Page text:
Recent research with a large number of subjects, careful clinical assessment, lesion mapping, and well-constructed test materials has shown strong support for the “phonemic hearing” hypothesis (Robson et al., 2012a). Nonetheless, it is also the case that lesions resulting in Wernicke’s aphasia may include the middle temporal gyrus (see Figure 1), an area implicated in semantic processing (Binder et al., 2009; Bonilha et al., 2017). Thus, it is possible that auditory comprehension deficits reflect both speech perception impairments and semantic impairments (Robson et al. 2012b). Regardless, it is clear that speech perception deficits have repercussions throughout the language system, affecting not only the perception of sounds but also access to words and their meanings (see also Blumstein, 2009; Dial and Martin, 2017).
Of importance, the overall patterns of speech perception impairments mirror those shown in speech production. First, similar to speech production, deficits emerge in both Broca’s and Wernicke’s aphasia despite the fact that the lesions producing these syndromes differ, indicating that the speech perception system is neurally distributed, encompassing more neural areas than just the temporal lobe. Second, the pattern of errors suggests that the sounds of language are composed of features organized in a network-like structure based on their articulatory and acoustic similarities. Third, brain injury does not affect the architecture of speech but introduces noise into the system, rendering similar sounds more likely to be misperceived than sounds further apart in the network. Fourth, despite similar patterns of errors, the number of errors distinguishes Broca’s and Wernicke’s aphasia, reflecting the neural areas specialized for perception on one hand and production on the other.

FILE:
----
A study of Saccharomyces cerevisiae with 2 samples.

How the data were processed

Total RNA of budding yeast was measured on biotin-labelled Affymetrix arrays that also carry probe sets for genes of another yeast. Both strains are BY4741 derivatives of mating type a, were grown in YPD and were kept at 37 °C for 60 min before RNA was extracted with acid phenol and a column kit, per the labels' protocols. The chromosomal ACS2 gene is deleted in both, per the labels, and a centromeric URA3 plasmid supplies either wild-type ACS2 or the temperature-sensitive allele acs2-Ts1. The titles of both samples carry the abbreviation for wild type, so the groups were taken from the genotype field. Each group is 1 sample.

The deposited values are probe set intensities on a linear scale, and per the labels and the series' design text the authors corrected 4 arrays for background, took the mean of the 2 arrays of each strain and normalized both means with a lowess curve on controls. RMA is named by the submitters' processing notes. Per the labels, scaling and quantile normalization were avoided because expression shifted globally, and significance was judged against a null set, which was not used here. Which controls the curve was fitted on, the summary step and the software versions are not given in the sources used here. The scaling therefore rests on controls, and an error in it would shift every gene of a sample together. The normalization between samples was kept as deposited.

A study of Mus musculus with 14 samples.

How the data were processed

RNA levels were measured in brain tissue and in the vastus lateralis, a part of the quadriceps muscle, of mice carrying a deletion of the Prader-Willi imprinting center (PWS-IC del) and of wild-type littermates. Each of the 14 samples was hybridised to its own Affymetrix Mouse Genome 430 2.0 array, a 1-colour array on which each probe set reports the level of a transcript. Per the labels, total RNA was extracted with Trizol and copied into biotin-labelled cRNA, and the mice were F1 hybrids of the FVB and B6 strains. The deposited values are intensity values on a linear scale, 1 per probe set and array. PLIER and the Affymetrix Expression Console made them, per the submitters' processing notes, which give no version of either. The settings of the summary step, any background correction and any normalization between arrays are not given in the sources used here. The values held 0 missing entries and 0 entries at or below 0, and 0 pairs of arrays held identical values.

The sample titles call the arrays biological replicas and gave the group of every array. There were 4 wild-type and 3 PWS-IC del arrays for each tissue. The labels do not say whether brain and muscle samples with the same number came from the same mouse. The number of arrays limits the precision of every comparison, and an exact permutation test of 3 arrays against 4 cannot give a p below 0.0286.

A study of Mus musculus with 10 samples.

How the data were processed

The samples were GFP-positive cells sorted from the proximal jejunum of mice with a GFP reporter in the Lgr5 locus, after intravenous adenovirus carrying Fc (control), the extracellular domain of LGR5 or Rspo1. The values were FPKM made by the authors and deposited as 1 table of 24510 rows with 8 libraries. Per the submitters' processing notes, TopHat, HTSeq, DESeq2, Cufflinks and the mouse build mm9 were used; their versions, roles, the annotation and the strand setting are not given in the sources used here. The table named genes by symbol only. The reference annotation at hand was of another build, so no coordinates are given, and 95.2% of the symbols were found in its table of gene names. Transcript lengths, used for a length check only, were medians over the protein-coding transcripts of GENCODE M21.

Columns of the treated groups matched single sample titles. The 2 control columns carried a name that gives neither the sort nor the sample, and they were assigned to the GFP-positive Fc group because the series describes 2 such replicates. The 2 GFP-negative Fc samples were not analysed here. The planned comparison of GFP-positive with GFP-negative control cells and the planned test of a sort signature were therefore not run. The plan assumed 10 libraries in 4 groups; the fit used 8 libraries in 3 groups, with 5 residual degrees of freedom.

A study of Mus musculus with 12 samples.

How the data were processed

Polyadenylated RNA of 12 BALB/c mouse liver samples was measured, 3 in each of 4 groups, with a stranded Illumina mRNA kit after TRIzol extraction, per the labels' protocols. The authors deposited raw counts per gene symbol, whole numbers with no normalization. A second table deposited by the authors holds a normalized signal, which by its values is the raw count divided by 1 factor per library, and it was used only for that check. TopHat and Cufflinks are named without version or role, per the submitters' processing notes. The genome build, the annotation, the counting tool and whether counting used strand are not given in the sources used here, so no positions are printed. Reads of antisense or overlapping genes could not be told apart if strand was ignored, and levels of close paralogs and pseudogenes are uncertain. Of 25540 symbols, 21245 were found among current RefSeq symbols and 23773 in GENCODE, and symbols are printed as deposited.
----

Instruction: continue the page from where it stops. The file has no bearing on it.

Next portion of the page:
Perception of the Acoustic Properties Underlying Speech
The perception of speech requires an auditory analysis of the speech input and a mapping of this input onto the acoustic features associated with the sounds of language. A question is whether speech perception deficits in aphasia reflect failures to perceive these acoustic features
normally. For example, as discussed in On To Acoustics, VOT is a temporal cue that distinguishes voiced, [b d g], from voiceless stop consonants, [p t k]. As in production, there is a range of VOT values associated with voiced stops and voiceless stops (see Figures 3 and 4). Construction of a synthetic speech continuum with equal VOT steps (in milliseconds) between stimuli shows that listeners separate the stimuli into two distinct categories (see Figure 5). Importantly, despite equal acoustic steps, listeners can only discriminate stimuli that cross the phonetic boundary between voiced and voiceless stops, and they fail to discriminate stimuli that lie within either the voiced or voiceless phonetic category (Liberman et al., 1967). Thus, speech is perceived categorically, with
discrimination ability limited by category membership.
The perception of VOT is severely affected in aphasia regardless of clinical syndrome or lesion site (Carpenter and Rutherford, 1973; Basso et al., 1977). Discrimination performance is typically better than categorization (Blumstein et al., 1977b; Gow and Caplan, 1996). Importantly, discrimination functions are similar to those shown for non-brain-injured subjects, even for those aphasics who are unable to categorize the stimuli. This dissociation between categorization and
 Figure 5. Idealized representation of categorization and discrimination responses to a continuum of synthetic [da]-[ta] stimuli ranging in VOT from −20 to +80 ms in 20-ms steps. Subjects failed to discriminate stimuli within either the [d] (blue line) or [t] (red line) category, but could discriminate stimuli (black line) perceived as members of two different (DIFF; blue vs. red) categories, i.e. [d] and [t].